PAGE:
Excel is one of the must-have data analysis tools in the market. To this day it provides more than 450 functions, but knowing how to use a few of them would be sufficient in most cases. In this article, I compiled 10 easy but widely used functions to facilitate data analysis in Excel. Feel free to try them out!
Sort & Filter
When dealing with a large amount of data, people may get confused and don’t know where to start. Sorting the information first will make it clearer to you. Excel allows you to sort data in ascending descending, and alphabetical order, etc.
For example, I extracted some business information from Yellowpages.com. In this spreadsheet, you can see the names of the stores, addresses, phone numbers, open hours, etc. Let’s say we want to rearrange the stores according to their names. Select the first row and choose “Sort & Filter” under the “editing” group, and then you can select the order you want your data to be sorted.
Many people may not know that Excel allows you to extract the “X” number of characters from the beginning/end of cells. Staying with the Yellowpages example, to break down the phone numbers of businesses, =LEFT(Select cell, 3) can help extract the area code from phone numbers and =RIGHT(Select cell, 4) can get the last 4 digits.
Conditional formatting is useful when you want to sort out certain data that is valuable to you, especially when it comes to numbers. Let’s say I want to find out all the flatshare & houseshare in Australia that are under $200. I can first scrape the housing information from Gumtree.com, and then select “conditional formatting” under the “styles” group. There are many formatting options to choose from according to your needs. In this case, we can choose “greater than” and set up criteria for $200, and highlight them in yellow.
It is common to have duplicated values in your spreadsheet. To remove the duplicated info, you can first highlight the duplicated data using the “conditional formatting” function (Optional, this will make sure the duplicates are obvious enough to locate so that we won’t miss any)
Then, use the “remove duplicates” function on the Data tab in the Data Tools section. Make sure you only select the column that contains duplicated values rather than the entire sheet.
Sometimes you may find unwanted spaces in your cells, and it would be a huge waste of time to manually delete them. For instance, if the text you have in hand is full of spaces, just like the tweets I extracted from Twitter below (which is usually not the case), you can trim off the excessive part with an easy =TRIM(text) formula.
It is pretty easy to count words & characters in word documents and google docs, but what about in Excel sheets? LEN is a formula that helps you count the number of characters in cells automatically. When I was trying to determine the correlation between the lengths of YouTube video titles and their popularity, I scraped YouTube channel video information and used =LEN(text) formula to count the characters within a minute.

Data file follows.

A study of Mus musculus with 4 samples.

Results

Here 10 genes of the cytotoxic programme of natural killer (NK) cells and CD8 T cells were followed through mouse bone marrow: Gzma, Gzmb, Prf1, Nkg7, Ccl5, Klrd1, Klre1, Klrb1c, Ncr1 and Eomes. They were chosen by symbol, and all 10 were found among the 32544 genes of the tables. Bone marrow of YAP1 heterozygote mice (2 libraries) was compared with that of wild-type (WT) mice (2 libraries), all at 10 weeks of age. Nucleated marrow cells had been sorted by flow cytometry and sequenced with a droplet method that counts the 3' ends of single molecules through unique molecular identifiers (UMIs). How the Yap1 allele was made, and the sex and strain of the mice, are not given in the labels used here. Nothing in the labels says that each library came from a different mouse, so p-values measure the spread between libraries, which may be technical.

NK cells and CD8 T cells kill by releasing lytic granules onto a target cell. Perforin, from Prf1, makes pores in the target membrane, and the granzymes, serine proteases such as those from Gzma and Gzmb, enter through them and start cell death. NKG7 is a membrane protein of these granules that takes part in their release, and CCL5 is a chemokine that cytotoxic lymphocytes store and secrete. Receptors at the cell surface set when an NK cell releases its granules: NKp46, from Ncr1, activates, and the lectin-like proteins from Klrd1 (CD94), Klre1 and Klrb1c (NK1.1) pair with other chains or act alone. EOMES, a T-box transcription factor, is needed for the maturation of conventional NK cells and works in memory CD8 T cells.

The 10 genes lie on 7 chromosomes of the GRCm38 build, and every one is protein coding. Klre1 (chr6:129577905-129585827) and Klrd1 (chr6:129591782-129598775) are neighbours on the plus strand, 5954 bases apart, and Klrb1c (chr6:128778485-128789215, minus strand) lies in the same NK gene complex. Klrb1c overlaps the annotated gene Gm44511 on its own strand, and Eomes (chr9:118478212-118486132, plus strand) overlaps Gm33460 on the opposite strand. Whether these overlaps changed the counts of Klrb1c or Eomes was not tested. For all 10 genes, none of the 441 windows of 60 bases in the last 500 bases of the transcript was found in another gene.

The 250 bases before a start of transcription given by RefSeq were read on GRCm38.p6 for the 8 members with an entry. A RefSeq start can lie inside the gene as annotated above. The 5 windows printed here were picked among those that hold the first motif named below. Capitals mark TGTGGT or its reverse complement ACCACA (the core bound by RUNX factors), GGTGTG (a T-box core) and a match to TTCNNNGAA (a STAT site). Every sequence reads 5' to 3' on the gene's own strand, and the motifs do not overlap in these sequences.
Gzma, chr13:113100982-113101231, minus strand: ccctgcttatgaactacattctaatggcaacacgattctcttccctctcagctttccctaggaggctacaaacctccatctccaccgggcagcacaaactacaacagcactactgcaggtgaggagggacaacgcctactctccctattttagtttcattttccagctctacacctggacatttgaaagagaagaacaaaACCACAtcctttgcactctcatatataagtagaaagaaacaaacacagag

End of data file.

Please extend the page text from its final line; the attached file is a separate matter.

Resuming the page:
As one of the most frequently used functions, vlookup is popular to search for data associated with a value you enter. To explain how to use it, let’s first take a look at its formula:
=VLOOKUP(lookup_value, table_array,col_index_num, [range_lookup])
I know what you are thinking: what is this? It may seem a little confusing at first sight, but once you get the hang of it, it is really easy.
This time, let me take the cryptocurrency market data I got from Yahoo Finance as an example. Vlookup can search for the first column and find the matching value in the second column. Let’s say we want to find the symbol of cryptocurrency matching price 0.0013. First, sort out the info in ascending order. Next, select the two columns. Third, enter number “2” since we are trying to fetch data from the second column. Finally, choose FALSE to ensure an exact match of data. As you can see in the gif below, the corresponding value “ATB-USD” is returned.
This is another simple but useful Excel formula that is widely used. If it is not feasible to count the cells one by one to find out how many of them meet your criteria, you may consider taking advantage of this formula:
=COUNTIFS(criteria_range1, criteria1, criteria_range2, criteria2)
To understand it fully, imagine you are trying to figure out the number of male and female employees in each department of your company. To slice out the data with the COUNTIFS formula, you may select the data range and criteria. The first criteria range is the departments they are in, the second is their gender. In the example shown, the formula would be
=COUNTIFS(F11: F21, F13, G11: G21, G13)
The pivot table gives most people headaches. We all have heard how powerful it is but only a few can use it well. A Pivot table allows you to quickly summarize and analyze large amounts of data in lists and tables by dragging and dropping columns to different rows or columns. The columns can also be re-arranged as you wish.
When you have a number of items with their quantities and prices in hand and you want to figure out their total sales, you may take advantage of this function. SUMPRODUCT multiplies the quantity of each item and its price, and then adds up the sales of each item to deliver the total sales.